There is an attribute defined as DP (Total Depth) in VCF file format. For example, http://www.1000genomes.org/node/101.
What does this attribute mean? If I get a value of like DP=128. How can be that be interpreted?
When you use a variant caller like Freebayes, it will list out information about locations along the reference genome that had differences in your actual sequences. For instance, as you bring up, DP or read depth. Looking back at the IGV image, you can see a location that had a lot of 'G' showing in the sequence reads, where the reference DNA has 'A'. Variant callers will pick up on this and list it as a possible variant. They will also tell you the read depth at that location which is the total number of sequence reads overlapping that position. In this case there are 21 gray bars (sequence reads) overlapping at that position, meaning that DP=21.
Even though it is not listed in the VCF example to which you refer, variant callers can also give other data like AO, which is times that a variant was observed, and RO which is the number of times the reference base was observed. This information allows you to decide whether or not an identified variant was a sequencing error, or a real variant.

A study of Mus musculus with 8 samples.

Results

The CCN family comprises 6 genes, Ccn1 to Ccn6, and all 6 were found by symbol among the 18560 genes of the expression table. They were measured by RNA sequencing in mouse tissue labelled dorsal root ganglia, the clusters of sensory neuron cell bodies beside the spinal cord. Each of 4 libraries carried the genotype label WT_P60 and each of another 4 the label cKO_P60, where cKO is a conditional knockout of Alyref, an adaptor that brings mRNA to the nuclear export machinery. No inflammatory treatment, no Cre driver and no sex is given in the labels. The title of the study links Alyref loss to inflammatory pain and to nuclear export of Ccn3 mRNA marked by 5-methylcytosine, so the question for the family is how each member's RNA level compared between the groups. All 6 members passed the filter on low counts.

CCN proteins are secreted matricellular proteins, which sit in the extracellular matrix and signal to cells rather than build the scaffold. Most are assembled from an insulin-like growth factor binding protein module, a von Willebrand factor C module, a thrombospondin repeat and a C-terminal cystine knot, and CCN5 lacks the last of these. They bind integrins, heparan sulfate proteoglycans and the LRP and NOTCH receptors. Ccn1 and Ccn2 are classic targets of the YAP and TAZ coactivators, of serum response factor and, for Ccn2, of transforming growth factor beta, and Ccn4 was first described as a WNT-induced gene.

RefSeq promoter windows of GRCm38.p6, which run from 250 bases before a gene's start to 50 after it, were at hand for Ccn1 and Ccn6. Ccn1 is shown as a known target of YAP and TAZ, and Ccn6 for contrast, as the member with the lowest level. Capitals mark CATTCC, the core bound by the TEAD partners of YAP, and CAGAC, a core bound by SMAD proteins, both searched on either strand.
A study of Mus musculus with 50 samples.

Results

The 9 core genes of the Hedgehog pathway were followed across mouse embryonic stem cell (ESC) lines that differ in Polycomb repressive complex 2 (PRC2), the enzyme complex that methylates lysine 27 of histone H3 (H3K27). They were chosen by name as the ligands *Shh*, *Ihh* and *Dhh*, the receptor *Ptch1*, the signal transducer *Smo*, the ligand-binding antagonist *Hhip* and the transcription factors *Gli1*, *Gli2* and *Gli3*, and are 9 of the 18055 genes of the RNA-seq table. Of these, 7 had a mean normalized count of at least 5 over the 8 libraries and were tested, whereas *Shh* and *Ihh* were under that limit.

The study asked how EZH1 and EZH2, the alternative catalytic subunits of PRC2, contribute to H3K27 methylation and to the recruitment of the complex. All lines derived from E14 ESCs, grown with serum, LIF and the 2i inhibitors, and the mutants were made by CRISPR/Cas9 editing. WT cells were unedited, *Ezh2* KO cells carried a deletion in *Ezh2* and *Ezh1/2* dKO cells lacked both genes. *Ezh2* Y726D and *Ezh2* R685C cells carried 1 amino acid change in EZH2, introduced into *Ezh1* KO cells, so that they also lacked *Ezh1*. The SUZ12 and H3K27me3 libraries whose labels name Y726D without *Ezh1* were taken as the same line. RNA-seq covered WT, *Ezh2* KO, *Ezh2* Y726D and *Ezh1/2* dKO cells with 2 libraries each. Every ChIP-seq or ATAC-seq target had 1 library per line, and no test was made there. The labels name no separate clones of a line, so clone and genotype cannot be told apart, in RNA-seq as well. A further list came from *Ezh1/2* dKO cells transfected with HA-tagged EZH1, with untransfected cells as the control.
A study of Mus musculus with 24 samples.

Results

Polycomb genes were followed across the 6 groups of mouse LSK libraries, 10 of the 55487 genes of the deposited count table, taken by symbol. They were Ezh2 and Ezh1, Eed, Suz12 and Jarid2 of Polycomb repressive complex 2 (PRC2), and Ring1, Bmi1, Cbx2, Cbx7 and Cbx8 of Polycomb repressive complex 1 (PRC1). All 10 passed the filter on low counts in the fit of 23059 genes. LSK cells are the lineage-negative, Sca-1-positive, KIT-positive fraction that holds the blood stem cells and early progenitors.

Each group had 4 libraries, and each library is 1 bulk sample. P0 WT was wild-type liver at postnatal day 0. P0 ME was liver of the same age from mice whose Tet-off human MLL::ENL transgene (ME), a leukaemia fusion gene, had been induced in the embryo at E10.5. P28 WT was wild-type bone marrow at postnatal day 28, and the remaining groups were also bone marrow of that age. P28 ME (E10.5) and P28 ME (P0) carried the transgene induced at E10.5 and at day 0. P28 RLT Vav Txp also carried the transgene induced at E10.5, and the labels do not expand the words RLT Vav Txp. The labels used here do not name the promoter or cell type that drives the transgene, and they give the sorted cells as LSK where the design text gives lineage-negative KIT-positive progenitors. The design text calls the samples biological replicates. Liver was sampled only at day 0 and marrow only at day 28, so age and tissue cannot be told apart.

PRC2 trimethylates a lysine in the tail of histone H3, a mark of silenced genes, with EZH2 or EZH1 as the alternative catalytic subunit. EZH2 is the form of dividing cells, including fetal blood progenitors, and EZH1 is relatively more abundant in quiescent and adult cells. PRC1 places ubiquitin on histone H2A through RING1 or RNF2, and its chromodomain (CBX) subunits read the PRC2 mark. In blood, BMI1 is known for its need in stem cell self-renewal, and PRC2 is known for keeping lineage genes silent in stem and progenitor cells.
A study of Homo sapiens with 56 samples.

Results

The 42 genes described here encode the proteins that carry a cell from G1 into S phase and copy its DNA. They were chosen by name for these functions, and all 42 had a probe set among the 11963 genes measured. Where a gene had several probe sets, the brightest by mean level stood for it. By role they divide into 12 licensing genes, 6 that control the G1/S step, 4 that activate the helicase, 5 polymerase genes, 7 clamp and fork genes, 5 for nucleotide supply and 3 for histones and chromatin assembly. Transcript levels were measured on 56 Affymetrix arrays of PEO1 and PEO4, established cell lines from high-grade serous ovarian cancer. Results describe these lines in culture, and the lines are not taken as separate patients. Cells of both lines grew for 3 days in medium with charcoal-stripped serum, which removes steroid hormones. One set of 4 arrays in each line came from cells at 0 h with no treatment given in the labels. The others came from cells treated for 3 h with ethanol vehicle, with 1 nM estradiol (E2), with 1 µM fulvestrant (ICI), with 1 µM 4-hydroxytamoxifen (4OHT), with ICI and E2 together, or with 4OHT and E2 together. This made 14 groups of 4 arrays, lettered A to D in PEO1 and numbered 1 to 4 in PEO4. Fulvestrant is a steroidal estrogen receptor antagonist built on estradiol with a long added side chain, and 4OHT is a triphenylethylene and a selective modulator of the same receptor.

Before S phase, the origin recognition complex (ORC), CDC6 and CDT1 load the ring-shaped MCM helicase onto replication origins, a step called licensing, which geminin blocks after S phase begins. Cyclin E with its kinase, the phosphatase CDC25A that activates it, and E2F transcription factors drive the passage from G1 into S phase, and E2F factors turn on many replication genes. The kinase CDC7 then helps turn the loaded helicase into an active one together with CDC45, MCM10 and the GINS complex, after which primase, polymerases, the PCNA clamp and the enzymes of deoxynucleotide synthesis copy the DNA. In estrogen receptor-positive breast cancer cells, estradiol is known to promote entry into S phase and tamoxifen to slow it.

For instance if DP=1, AO=1, RO=0, that means there was only a single read at that location and it was not what is listed in the reference genome. Because the depth is so low, and the error rate of a next-gen sequencer is somewhere between 0.5-5%, you cannot say that this is a mutation or just a sequencing error. However, as DP increases, you gain more confidence in whatever was called. So if DP=10, AO=10, RO=0 you can be quite confident that the reason you read an alternate base at a given location, it is not just a sequencing error because you read this location 10 times and every time you saw the same variant.
Let me know if I can clarify further.
That number refers to the number of reads that overlap that base pair that has the variant. Sequencing reads in this case almost always refer to next generation sequencing. These metrics and other VCF fields are used to give some indicator of confidence for variant.